Gay Oppression in South London

03-197207XX-03The G.L.F. commune in Brixton has been forced to leave for quieter shores, after having been under seige by the local kids from Tulse Hill Comprehensive. The communards made no attempt to hide who or what they are, and as a result suffered considerable persecution. Some were attacked individually (one guy had a milk bottle smashed over his head), but the house was attacked almost nightly; bricks and bottles were thrown through windows, and on one occasion a fight began when a group of boys broke down the front door and tried to get in. Chief Inspector Peter Brooks, community liason officer at Brixton Police Station, said “We are aware of the situation at the school and are keeping an eye on it”.

Since the trouble had come from the school-children, it seemed logical to go and talk to them. However, the communards were not well received when they attempted to leaflet during the lunch break, and the headmaster called the police to remove them. “I have had no formal complaints about any attacks by boys. Our objective (in calling the police) was to get these people away from the boys and off the school premises. If they want to discuss the situation formally I shall be happy to consider doing so but I will not be put under any duress by demonstrations of this sort.” said the headmaster. Does nothing happen at that school until it is ‘formally’ noted?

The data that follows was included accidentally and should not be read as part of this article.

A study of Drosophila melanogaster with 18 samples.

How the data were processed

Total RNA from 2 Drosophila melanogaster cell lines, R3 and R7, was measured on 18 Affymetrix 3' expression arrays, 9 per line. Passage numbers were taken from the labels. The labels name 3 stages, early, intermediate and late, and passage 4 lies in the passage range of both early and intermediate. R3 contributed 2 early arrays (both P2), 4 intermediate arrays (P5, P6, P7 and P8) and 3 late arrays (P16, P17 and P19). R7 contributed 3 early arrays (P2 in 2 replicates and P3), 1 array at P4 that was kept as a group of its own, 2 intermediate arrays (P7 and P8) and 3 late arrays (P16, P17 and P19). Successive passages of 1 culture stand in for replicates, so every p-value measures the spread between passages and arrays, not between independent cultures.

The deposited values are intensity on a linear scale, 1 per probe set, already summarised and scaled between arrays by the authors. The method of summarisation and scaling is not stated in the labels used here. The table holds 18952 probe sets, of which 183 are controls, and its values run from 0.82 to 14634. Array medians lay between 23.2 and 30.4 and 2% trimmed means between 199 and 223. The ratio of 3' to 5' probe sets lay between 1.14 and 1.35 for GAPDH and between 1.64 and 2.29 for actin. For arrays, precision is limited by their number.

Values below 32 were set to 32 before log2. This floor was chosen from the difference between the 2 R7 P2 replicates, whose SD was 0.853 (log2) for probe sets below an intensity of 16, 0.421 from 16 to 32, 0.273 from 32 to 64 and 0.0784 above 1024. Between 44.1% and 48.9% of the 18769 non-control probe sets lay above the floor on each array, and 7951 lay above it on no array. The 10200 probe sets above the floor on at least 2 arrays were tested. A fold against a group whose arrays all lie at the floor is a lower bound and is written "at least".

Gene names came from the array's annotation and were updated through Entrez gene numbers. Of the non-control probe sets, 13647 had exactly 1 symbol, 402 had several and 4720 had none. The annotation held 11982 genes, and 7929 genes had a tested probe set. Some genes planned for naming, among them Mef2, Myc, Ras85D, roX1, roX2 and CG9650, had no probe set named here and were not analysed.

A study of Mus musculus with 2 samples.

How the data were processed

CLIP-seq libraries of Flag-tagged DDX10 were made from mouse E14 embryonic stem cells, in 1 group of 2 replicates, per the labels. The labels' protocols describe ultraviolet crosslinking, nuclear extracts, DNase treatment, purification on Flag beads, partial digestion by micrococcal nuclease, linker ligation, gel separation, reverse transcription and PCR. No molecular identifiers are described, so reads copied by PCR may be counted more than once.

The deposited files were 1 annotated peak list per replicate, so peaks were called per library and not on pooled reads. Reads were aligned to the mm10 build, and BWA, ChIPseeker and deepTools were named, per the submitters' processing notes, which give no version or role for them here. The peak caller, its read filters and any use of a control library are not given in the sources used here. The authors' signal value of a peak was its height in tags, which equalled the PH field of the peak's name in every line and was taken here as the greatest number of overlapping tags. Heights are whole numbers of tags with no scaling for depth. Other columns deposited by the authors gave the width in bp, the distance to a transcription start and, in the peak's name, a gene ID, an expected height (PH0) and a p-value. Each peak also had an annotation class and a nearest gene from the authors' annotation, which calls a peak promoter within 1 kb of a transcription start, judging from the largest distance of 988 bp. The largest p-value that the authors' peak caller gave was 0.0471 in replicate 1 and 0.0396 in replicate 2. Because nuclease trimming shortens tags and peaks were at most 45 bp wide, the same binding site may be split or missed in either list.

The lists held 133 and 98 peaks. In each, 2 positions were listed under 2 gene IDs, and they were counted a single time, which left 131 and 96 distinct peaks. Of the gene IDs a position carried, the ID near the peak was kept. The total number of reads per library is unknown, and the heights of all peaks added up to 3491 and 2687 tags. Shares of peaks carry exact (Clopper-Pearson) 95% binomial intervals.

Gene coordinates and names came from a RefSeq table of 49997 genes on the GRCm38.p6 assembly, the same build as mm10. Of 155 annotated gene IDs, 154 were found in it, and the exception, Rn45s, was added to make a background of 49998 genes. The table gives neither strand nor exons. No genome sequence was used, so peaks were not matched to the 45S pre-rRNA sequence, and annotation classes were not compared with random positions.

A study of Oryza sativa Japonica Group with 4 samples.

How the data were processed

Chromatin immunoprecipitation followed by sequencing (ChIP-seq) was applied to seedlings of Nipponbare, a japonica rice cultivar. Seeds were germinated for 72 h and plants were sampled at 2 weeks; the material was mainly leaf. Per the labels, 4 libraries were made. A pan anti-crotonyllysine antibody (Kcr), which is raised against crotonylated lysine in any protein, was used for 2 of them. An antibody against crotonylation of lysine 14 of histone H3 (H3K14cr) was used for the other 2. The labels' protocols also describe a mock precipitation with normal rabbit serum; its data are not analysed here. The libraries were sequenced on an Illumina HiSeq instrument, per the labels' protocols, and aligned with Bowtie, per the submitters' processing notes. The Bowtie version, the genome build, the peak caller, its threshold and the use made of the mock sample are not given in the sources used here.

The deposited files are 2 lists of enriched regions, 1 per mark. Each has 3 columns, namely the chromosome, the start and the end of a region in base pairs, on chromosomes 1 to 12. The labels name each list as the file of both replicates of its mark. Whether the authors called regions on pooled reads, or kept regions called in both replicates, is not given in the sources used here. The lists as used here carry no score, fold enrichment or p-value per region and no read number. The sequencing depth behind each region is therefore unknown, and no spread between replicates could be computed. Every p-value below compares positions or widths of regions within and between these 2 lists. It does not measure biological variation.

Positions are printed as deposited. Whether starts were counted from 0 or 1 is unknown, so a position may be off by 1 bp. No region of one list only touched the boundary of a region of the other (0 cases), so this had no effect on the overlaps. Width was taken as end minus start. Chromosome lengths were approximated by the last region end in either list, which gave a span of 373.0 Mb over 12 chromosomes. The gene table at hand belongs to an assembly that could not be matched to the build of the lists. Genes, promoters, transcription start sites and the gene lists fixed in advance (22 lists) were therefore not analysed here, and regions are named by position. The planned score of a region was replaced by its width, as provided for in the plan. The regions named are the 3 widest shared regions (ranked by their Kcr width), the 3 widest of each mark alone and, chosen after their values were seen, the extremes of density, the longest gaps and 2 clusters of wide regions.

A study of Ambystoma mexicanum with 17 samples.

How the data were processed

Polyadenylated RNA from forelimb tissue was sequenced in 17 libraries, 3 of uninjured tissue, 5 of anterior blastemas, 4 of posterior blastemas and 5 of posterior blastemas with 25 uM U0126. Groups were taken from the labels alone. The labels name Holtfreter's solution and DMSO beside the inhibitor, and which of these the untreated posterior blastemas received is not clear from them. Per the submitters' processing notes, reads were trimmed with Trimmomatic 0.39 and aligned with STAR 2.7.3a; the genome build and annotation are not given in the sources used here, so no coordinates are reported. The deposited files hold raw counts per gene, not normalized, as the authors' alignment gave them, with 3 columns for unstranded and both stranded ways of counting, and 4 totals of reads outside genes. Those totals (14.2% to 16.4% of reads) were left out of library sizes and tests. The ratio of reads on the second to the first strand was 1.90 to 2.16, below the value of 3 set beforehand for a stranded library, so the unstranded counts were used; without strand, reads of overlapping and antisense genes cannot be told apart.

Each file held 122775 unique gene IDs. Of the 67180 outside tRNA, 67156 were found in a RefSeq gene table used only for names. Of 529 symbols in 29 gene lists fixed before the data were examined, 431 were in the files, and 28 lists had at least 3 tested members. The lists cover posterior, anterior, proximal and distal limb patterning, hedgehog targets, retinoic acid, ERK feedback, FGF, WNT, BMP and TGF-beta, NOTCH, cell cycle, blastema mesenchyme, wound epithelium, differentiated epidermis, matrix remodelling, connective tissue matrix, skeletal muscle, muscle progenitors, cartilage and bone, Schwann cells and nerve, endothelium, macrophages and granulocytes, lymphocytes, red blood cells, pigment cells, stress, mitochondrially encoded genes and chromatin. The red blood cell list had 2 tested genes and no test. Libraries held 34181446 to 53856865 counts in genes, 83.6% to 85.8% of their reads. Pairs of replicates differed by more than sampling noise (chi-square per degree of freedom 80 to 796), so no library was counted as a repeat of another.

With little help from either the local community of the police, the situation did not improve, and the commune was eventually asked to move out by the agents from whom they were renting the house because of the continued damage and disturbance. One boy was suspended from the school for assisting them to leaflet there. And so the commune is now in temporary quarters in Notting Hill. There seems to have been little else left to do, but it seems appalling that a group of gay people should have to face such hostility alone.

If they had been a black family then there a at least have been some protection from the law to assist them in combatting the violent prejudices of the local inhabitants. As it is, gay people must either hide away in ‘safe’ areas or masquerade as straight if they wish to be left in peace. The attempt to set up an openly fay commune in an area like Brixton and the reactions to it prove we still have a long way to go before we are accepted.